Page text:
Florida Man: Poems with Prints

During a recent poetry/memoir panel at ReadOUT, an audience member asked about my poetry prints.

The poet wanted to know: 1) if I write poems with prints in mind (meaning, do I specifically craft a poem’s lines thinking it will be good for a print), and 2) about my process for deciding when to make a full broadside poem or use a line(s) from one on a print. 

The first question – about crafting lines for prints – is easy for me to answer.


I’m too interested in what the poem can do as a thing itself – as an aesthetic object, as a vehicle to convey an emotion/idea.

Currently, I don’t put any pressure on a poem to become a print. I don’t want to force lines into a poem just because I think they would look good on a wall. (But maybe I should!).

That being said, my poems often contain what some people have called “punchy lines” – a turn of phrase or striking image to keep readers/the audience on their toes. My poem shadow boxes with them; it tries for a knockout.

Or, at least, the poem wants to get readers with the right hook.

The second question – about when I use a line or full poem – is a little more difficult to answer. 

It depends.

Right now, I choose to make a print with either a full poem or a line(s) from one based on 1) the time I have to create it, 2) the visual impact I want to achieve, and 3) how I see the prints circulating in terms of size.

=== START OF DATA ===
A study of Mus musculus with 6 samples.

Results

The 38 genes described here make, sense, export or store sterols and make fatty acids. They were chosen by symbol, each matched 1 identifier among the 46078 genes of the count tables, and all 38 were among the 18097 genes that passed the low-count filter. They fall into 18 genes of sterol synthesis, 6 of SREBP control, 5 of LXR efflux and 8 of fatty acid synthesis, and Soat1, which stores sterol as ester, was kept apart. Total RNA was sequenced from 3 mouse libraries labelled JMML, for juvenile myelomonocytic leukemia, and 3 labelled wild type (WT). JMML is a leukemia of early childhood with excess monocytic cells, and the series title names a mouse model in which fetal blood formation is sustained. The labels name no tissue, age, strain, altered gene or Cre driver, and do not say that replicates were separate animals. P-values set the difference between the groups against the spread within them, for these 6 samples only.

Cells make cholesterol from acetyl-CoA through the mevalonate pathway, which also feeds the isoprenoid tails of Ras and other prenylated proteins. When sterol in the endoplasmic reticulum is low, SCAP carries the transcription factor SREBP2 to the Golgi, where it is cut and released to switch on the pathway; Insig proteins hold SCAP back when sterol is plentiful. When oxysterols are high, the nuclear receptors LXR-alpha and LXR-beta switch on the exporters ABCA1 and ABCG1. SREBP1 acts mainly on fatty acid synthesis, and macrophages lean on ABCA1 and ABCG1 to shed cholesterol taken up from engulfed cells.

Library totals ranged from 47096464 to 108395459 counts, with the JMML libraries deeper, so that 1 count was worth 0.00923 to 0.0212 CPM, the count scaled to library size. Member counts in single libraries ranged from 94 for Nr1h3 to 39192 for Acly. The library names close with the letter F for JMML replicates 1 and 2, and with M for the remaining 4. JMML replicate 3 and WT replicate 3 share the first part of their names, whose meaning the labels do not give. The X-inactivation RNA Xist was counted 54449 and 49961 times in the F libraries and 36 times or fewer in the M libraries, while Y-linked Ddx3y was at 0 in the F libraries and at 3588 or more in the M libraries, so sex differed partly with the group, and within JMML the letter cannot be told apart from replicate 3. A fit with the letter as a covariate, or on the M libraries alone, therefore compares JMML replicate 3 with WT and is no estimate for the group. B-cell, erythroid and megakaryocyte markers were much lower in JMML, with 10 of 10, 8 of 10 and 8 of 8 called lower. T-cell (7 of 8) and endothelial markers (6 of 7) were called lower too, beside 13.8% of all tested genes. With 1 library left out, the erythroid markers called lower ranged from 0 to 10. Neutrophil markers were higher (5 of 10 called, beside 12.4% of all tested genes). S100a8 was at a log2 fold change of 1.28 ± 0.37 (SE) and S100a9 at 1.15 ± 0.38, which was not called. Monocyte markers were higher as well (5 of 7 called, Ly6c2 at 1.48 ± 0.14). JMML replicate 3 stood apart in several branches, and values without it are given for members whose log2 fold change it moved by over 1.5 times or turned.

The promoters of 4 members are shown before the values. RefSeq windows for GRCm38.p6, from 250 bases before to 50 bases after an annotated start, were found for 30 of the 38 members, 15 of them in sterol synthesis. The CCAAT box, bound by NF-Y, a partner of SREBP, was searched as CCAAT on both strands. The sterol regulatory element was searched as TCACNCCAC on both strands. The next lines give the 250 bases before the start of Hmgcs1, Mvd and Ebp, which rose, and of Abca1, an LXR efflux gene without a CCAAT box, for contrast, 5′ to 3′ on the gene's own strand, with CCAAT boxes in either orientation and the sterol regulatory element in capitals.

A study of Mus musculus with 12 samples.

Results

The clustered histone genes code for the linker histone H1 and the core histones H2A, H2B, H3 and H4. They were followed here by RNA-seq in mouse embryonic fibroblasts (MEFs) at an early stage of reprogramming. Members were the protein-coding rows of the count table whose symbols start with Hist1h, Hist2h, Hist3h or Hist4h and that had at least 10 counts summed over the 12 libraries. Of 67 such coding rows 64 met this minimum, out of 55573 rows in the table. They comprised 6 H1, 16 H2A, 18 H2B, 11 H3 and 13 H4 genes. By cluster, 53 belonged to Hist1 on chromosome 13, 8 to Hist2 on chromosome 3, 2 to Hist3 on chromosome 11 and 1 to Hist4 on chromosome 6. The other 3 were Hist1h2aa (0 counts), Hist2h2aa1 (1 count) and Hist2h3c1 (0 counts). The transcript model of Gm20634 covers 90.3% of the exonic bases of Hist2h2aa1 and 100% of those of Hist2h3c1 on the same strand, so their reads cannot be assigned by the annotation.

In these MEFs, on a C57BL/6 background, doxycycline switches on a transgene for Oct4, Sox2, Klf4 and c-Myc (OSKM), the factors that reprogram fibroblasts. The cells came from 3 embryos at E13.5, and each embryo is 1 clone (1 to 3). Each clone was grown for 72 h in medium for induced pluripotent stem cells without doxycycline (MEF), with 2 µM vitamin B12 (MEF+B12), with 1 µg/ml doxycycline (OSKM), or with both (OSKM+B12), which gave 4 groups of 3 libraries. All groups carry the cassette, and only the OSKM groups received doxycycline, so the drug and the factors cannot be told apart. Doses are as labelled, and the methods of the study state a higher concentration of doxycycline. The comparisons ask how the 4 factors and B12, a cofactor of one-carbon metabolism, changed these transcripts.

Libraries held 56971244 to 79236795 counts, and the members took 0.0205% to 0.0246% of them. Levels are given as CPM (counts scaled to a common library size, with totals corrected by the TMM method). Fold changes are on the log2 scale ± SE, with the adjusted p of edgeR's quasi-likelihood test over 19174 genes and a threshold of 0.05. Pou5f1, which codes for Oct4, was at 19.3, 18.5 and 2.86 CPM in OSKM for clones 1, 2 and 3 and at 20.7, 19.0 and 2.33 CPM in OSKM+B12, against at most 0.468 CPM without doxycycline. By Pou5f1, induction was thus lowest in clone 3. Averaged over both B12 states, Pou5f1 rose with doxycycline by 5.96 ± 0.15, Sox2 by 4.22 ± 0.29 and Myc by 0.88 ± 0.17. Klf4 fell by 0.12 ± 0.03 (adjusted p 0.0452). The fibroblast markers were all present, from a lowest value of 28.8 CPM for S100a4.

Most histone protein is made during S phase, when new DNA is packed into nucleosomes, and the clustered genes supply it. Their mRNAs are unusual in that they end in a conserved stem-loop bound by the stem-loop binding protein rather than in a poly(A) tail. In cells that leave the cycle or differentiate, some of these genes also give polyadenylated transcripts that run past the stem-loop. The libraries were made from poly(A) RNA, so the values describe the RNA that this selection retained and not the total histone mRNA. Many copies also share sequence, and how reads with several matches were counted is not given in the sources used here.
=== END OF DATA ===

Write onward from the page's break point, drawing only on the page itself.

I’ve made standard-size prints for a wall and smaller, “pocket poetry prints” like this post’s gator and fruit print, which is included with pre-orders for my forthcoming book Florida Man: Poems, Revisited.

I’ve also made broadsides for full poems as I did for “on a day i’m feeling especially bummed about florida” (the featured image of this post). 

To make this broadside, I created a font from my handwriting because I wanted some consistency in the letters. This custom font meant it took me a long time to get the poem on the page as I had to copy and paste each letter. 

I arranged the poem and then chose moments to illustrate and visually punctuate the images. 

After I had the final poem layout in black-and-white, I added a gradient in Photoshop.

I then printed the poem on a risograph using black, fluorescent pink, and yellow. 

This process took me a long time, but I wanted to make a broadside for the full poem, in part, to help readers see the poem’s “horizon full of sherbert.”